When astronomers discovered Pluto in 1930, it was the most distant known object in our solar system, orbiting the sun from a distance of about 3.6 billion miles.
Pluto held that title for nearly 50 years, but as telescope technology has advanced, astronomers have found more and more objects farther and farther away.
Now, there's a new most distant known object in our solar system: a planetoid 12 billion miles away from the sun.
Planetoid is a term astronomers use to describe large asteroids or minor planets — Pluto itself is a planetoid, having been demoted from planet in 2006.
In 2018, a multi-institution team of astronomers using the Subaru 8-meter telescope in Hawaii discovered a new planetoid. They suspected it was even farther away from the sun than "Farout," the current record holder for distance, so they nicknamed it "Farfarout."
They then spent the next couple of years using the Gemini North telescope (also in Hawaii) and the Magellan telescope in Chile to track the planetoid and confirm its distance from the sun.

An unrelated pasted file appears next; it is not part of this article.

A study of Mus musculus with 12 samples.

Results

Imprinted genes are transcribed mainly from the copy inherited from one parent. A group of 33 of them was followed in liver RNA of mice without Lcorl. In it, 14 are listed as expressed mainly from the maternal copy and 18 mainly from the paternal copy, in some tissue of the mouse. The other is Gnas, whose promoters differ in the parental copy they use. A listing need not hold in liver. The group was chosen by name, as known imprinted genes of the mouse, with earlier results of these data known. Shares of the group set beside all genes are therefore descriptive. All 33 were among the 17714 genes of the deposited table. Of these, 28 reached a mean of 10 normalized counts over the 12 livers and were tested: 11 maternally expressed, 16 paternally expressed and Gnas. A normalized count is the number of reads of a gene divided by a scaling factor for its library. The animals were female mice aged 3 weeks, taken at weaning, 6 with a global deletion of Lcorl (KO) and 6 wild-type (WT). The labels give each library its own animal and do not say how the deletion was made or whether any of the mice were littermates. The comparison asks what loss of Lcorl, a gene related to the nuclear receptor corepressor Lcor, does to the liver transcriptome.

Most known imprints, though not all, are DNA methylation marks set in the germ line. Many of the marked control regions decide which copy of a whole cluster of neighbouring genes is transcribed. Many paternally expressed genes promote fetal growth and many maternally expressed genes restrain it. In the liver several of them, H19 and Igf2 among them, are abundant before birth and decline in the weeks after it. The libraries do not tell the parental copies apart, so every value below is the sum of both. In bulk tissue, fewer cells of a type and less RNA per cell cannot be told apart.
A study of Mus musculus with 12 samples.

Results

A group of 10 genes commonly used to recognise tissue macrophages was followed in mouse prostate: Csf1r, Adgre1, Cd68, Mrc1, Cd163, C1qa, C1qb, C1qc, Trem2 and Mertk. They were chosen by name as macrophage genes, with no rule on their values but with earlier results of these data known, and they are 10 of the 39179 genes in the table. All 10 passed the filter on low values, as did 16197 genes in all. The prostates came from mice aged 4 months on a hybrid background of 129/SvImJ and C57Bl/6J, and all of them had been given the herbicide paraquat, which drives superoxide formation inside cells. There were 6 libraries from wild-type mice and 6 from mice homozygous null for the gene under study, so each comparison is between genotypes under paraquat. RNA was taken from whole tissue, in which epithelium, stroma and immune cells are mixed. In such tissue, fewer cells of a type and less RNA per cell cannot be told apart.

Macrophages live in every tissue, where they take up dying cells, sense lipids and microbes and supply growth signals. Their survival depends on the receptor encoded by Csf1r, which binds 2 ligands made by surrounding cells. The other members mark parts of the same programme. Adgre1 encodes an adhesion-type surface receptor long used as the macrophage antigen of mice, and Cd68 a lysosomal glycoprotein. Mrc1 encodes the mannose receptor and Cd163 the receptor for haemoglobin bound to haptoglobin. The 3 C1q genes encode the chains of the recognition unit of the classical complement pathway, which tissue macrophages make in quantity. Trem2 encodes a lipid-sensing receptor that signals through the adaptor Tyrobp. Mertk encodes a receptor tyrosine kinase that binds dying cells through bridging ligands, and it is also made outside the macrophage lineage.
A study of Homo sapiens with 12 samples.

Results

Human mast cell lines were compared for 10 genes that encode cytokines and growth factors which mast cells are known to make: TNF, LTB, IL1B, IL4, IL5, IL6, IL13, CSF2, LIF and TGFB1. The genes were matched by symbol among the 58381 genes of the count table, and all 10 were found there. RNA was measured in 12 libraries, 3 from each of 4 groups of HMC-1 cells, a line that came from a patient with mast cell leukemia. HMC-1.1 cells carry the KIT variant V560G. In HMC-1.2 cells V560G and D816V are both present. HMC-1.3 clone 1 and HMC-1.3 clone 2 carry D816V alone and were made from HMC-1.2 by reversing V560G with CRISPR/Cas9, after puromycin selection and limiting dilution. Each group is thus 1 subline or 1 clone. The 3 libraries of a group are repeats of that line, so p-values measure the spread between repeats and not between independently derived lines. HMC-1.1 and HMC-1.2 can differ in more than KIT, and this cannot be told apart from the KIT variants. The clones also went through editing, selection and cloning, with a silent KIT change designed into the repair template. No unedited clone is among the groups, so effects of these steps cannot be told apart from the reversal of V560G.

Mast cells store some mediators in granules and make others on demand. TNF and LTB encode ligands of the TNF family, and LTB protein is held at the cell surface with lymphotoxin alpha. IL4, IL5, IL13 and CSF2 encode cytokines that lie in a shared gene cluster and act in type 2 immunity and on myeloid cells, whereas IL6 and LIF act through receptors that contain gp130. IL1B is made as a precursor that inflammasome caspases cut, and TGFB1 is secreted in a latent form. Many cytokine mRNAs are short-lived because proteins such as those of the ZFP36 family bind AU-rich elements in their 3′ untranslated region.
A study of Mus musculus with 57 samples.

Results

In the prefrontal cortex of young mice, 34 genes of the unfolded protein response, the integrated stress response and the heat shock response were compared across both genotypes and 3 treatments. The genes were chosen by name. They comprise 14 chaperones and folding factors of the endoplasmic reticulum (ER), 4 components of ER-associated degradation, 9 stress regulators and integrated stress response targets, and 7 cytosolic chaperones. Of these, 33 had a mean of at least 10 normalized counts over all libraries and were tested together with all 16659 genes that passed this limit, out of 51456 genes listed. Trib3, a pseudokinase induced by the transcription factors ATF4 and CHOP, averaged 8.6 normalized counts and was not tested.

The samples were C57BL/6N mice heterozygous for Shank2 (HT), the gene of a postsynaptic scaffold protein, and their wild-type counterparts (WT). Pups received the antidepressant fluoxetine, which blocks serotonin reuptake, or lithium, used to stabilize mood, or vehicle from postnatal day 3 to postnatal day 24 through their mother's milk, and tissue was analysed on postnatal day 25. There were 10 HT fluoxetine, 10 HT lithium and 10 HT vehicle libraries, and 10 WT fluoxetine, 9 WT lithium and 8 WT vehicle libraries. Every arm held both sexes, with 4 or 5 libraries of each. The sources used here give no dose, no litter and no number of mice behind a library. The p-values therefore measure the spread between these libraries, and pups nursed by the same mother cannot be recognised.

"A single orbit of Farfarout around the Sun takes a millennium," researcher David Tholen said in a press release. "Because of this long orbital period, it moves very slowly across the sky, requiring several years of observations to precisely determine its trajectory."
Now, three years after Farfarout's discovery, the International Astronomical Union, the global astronomy authority, has confirmed that it is the most distant known object in the solar system and given it an official name: 2018 AG37.
Mapping the Solar System
The next step for the researchers will be seeing what they can learn about our solar system's most distant planet, Neptune, from its most distant planetoid.
"Farfarout's orbital dynamics can help us understand how Neptune formed and evolved, as Farfarout was likely thrown into the outer solar system by getting too close to Neptune in the distant past," researcher Chad Trujillo said in a press release.
"Farfarout will likely interact with Neptune again since their orbits continue to intersect."
Scott S. Sheppard
"Farfarout is just the tip of the iceberg."
For now, the planetoid may be the most distant known object in the solar system, but its reign probably won't last nearly as long as Pluto's — armed with today's telescopes, astronomers could find a Farfarfarout at any moment.
"The discovery of Farfarout shows our increasing ability to map the outer solar system and observe farther and farther towards the fringes of our solar system," researcher Scott S. Sheppard said in the press release.
"Farfarout is just the tip of the iceberg of solar system objects in the very distant solar system," he added.